SAN LUIS OBISPO — For my wife, Julie, escaping Los Angeles means escaping her car. For me, there's never any greater escape than riding the rails. So instead of driving to San Luis Obispo for an art show we had been planning to attend, we hopped Amtrak's Coast Starlight. At five hours, the train ride is a bit longer than driving. And it costs more. But we both craved a break from Southern California freeways.
That's just what we got. By the time we arrived home the next evening at 9, we felt as if we had been treated to a mini-European-style vacation. We dined aboard a first-class train graced with splendid vistas. We sauntered for hours along historic streets lined with bookshops and galleries. And we took refuge from the hot sun in the town's cool and pleasingly musty mission where choral music filled the air.
Our excursion, sans auto, started the moment we strolled under Los Angeles Union Station's magnificent Art Deco arches and massive Mission-style beams. We were eager to board, having heard from friends that Amtrak has greatly improved its service in recent months. But arriving a full hour before our 9:30 a.m. departure was a bit too eager: Boarding didn't begin until 10 minutes before the train left the station.
The wait was worth it. Amtrak has put a fleet of gleaming new double-decked cars on its daily Los Angeles to Seattle run, including spiffy dining and sleeping cars and a refurbished 1950s first-class lounge. Amtrak's summer season is immensely popular and, by the time we decided to make the trip, all the coach cars were sold out. Determined to go anyway, we splurged on a private sleeping compartment that converts to a roomy, quiet sitting room by day.
We paid a stiff price for our spontaneity: A round-trip coach ticket to San Luis Obispo costs $50 per person; add to that an additional $30 or so each for two meals, including wine and tip. That's just under half the price of our $168 tickets, which included meals, endless snacks, soft drinks and champagne.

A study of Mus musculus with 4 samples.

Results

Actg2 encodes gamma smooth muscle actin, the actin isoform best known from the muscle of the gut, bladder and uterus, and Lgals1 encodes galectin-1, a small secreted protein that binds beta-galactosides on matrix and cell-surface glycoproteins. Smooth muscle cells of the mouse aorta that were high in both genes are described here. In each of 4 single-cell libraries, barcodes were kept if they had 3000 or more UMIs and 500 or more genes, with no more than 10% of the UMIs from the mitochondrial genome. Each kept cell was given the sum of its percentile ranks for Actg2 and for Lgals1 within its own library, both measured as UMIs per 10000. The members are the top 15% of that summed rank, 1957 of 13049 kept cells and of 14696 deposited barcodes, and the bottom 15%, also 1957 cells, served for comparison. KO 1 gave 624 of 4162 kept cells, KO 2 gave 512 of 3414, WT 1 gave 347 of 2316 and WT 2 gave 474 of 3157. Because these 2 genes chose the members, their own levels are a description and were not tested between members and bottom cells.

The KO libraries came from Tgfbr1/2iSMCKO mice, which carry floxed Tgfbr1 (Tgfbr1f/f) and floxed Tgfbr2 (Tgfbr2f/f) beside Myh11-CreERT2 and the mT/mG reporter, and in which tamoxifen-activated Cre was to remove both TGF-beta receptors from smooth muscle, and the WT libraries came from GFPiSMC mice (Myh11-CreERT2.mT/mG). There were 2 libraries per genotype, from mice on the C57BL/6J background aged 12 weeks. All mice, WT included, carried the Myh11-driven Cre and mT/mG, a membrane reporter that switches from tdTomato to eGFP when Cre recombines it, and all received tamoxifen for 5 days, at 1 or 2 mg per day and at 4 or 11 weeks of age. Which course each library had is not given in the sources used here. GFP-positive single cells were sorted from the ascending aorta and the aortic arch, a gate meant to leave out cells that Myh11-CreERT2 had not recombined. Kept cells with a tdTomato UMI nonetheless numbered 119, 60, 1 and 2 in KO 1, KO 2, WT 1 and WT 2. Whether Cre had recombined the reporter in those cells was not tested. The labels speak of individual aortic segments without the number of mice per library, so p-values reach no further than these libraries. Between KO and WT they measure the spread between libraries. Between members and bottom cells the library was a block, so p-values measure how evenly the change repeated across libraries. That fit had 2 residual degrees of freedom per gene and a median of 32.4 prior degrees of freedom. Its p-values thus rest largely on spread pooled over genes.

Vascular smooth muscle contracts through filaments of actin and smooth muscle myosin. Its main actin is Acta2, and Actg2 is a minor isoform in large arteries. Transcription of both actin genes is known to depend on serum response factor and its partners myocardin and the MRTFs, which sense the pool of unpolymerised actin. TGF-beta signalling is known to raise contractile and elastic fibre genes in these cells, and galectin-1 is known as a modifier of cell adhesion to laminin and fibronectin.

We noticed that the coach seats are more than adequate, but our cozy little cabin was a tremendous treat: crisp, clean and luxurious. A small linen-covered table along the window sported a vase of fresh flowers. A comfortable sofa ran the length of the cabin. Across from it was an easy chair, sink, mirror and a tiny enclosed bathroom.
As our train pulled out precisely on time, Julie arranged herself on the couch for a nap. I intended to read. Instead, after we passed the pretty Glendale station, I dreamily watched the parade of San Fernando Valley warehouses and burger joints transform into Ventura County farmland, then citrus groves and, at last, the Pacific Ocean. All the while, I sipped coffee and nibbled on fresh fruit and pastry brought to our cabin by the porter.
Once past Santa Barbara, we ventured into the lounge car before lunch. There we found the Columbia Gorge Model Railroad Club, decked out in engineer caps and engrossed in a rowdy game of poker. We timed our lunch to coincide with some of the most spectacular railroad scenery in the country. For more than 100 miles, the train hugs the coast, chugging through wild, unspoiled terrain mostly inaccessible by car. The morning fog was clearing. A wave of giggles rolled through the diner as our train raced past a nudist beach.
If the view outside our window was wild, inside civilization reigned. Soon we were feasting on salads, chicken pot pie and ice cream sundaes. The couple sharing our booth was headed to San Francisco and we spent a long, drawn out lunch engaged in pleasant small talk while collectively gasping at the sensational view.
Stuffed and sleepy from so much relaxation, we were ready for a nap by the time the train pulled into San Luis Obispo a little past 2:30. Our host, Georgia Adrian, whisked us from the station to her quaint B&B, the Heritage Inn. It was the only time on the trip that we stepped into a car. The Heritage (room rates $85 to $120) is a meticulously restored Craftsman with Victorian-era antiques. Three of the seven rooms have private baths. Located an easy 10-minute walk from the center of town, our inn did have a few drawbacks. Sitting just across California 101, which cuts through the western edge of town, it is surrounded by motels and fast-food joints.
Another good choice for a walking weekend is the Garden Street Inn, situated smack in downtown. Restored in 1990, this large 19th century Italianate B&B feels more like a small, elegant hotel with its high ceilings, library and broad staircase leading up to a dozen rooms and suites ($90 to $160).
From our inn, we strolled leisurely into town and along tree-lined Monterey Street toward Mission Plaza, which was bustling with musicians and sightseers. Crossing San Luis Creek, which runs along the plaza, we made our way to a small arcade. There, Julie's sister, Jennifer Markes, was giving a show of her paintings at one of the several art galleries in town.